General Data Protection Regulation [GDPR] is the largest shake-up in consumer data protection law in recent history. If you’re a developer, web admin, business owner, or user who operates/resides in the EU, GDPR will affect your digital life in one way or another. Even if you’re based in the U.S. or elsewhere, you’ll feel its shock waves in the news cycles in the coming months.
If you’re EU-based, you might have already seen the new Terms and Conditions from Facebook, Instagram, and other large corporations that handle your data. It’s a sign that they’re scrambling to adapt to the new regulations too. If you haven’t already looked into GDPR’s provisions, or have buried your head in the sand, now’s the time to get to know your responsibilities and rights as we come closer to the big switch on May 25.
What is GDPR?
GDPR is a piece of EU regulation to protect and empower individuals concerning the data that third parties hold about them. It’s a comprehensive refresh and re-hardening of Data Protection laws in the EU.
Every single business, from a large corporation to an indie app developer, based in the EU or operates with personal information of EU residents must conform to the regulation—or face the [very harsh] consequences.
Power to the people
The regulation enshrines your right to control how your data is used as a consumer. There are eight explicit rights provisioned in GDPR:
- The right to be informed
- The right of access
- The right to rectification
- The right to erasure
- The right to restrict processing
- The right to data portability
- The right to object
- Rights in relation to automated decision-making and profiling.
You can read more at the UK ICO’s website as they have a pretty good summary of each right.
This is an unprecedented win for EU residents who will have a safety net against their data being used beyond what they deem appropriate. That’s great for the millions of end-users, but if you’re an app or web developer, or run any type of business that operates in the EU, you could be in a world of hurt. Not least because the risk of noncompliance is massive.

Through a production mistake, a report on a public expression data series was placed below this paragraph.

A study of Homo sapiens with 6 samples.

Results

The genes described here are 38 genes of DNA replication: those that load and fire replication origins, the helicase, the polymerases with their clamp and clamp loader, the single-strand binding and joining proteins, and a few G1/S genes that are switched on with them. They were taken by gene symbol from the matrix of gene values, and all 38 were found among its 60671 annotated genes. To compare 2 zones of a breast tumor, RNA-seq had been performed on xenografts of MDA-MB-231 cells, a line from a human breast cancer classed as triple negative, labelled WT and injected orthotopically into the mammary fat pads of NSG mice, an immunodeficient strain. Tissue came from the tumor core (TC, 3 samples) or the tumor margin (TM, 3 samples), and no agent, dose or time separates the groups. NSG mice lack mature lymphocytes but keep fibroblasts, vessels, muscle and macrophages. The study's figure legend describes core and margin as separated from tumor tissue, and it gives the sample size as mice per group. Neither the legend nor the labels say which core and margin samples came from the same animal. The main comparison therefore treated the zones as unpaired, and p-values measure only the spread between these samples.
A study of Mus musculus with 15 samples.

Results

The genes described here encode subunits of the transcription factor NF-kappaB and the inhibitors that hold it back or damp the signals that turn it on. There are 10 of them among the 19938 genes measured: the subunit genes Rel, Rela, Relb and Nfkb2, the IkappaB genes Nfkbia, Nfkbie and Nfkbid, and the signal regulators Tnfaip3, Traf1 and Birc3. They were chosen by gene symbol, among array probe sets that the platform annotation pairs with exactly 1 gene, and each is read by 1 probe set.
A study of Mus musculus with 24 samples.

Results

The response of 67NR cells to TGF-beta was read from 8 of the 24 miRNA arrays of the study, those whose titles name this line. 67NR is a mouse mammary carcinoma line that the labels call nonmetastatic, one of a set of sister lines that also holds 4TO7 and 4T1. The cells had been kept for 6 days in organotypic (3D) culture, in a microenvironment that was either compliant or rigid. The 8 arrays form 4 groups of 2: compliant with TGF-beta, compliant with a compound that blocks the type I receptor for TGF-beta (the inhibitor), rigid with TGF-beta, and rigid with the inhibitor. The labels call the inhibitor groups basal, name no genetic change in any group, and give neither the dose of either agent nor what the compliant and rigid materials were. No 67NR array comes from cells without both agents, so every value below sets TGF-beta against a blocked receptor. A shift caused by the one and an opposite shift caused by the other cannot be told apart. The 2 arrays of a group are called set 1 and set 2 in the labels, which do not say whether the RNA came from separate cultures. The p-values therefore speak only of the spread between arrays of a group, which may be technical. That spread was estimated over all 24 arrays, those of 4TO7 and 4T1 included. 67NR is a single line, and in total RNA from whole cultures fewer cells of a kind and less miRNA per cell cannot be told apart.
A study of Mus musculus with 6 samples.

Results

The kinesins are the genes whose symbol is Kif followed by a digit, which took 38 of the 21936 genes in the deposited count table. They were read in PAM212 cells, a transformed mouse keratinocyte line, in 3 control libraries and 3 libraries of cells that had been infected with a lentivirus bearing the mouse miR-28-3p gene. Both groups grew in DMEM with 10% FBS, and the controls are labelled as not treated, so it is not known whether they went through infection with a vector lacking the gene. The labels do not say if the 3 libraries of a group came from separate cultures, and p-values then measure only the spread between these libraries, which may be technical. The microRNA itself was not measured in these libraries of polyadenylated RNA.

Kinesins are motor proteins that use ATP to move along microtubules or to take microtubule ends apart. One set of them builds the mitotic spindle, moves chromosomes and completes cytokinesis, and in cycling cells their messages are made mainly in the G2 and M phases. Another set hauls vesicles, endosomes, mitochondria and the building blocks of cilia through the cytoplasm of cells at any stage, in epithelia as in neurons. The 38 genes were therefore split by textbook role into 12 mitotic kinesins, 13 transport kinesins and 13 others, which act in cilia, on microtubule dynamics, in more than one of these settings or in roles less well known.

Procedures, policies, and paranoia for developers
If you run a business, from tech support to indie developer, you probably have what GDPR classifies as “personal information:”
If you hold a name, identification number, location data, or online identifier (including IP addresses) that may link to the “physical, physiological, genetic, mental, economic, cultural or social identity of that natural person,” then you’re in scope for GDPR (Confusing wording, I know, that’s why “GDPR specialists” are in-vogue).
The good thing is, if you’re now panicking about GDPR, there are loads of resources on getting yourself compliant. The overall idea is to be paranoid. Imagine an auditor comes knocking and demands to see the technical controls, documented policies, and procedures that prove you’re handling personal information correctly. I’m not going to do a comprehensive guide because I’m by no means an expert—there’s plenty of that elsewhere. But here’s a few pointers to get you thinking in the right direction:
- List what types of personal data you hold and the reason you have that information. If you don’t have a good reason, should you keep that data?
- Do you ask for explicit consent to use data in the ways you do? Do your customers/users know that their data is being used or held by your company?
- Do you have to link personal data explicitly to unique identifiers, or can it be pseudonymised/anonymised?
- Map the flow of personal data through your systems so you understand what’s being held where.
- Have a repository of your operational procedures involving data. If you run a repair shop it might be helpful to have documentation on how you wipe a phone or laptop. If you have an app, you might have to show the auditor how long that data is retained and for what purpose.
- Think about how data at rest and in transit is encrypted (If it isn’t, shame on you!).
- Think about your old archived data too. Modern applications are designed to store logs and little footprints. Delete any personally identifiable information that you don’t need for your business from your databases and servers and—potentially the biggest culprit—email archives.
All of this might sound like a lot of work, and that’s because it is. GDPR is a much-needed wake-up call to every developer out there that runaway data collection is no longer an acceptable risk. Even existing practices like cookie consents might not be enough for GDPR compliance.
At the end of the day, it’s better to get your ducks in a row now than get pummelled by the sanction-hammer later.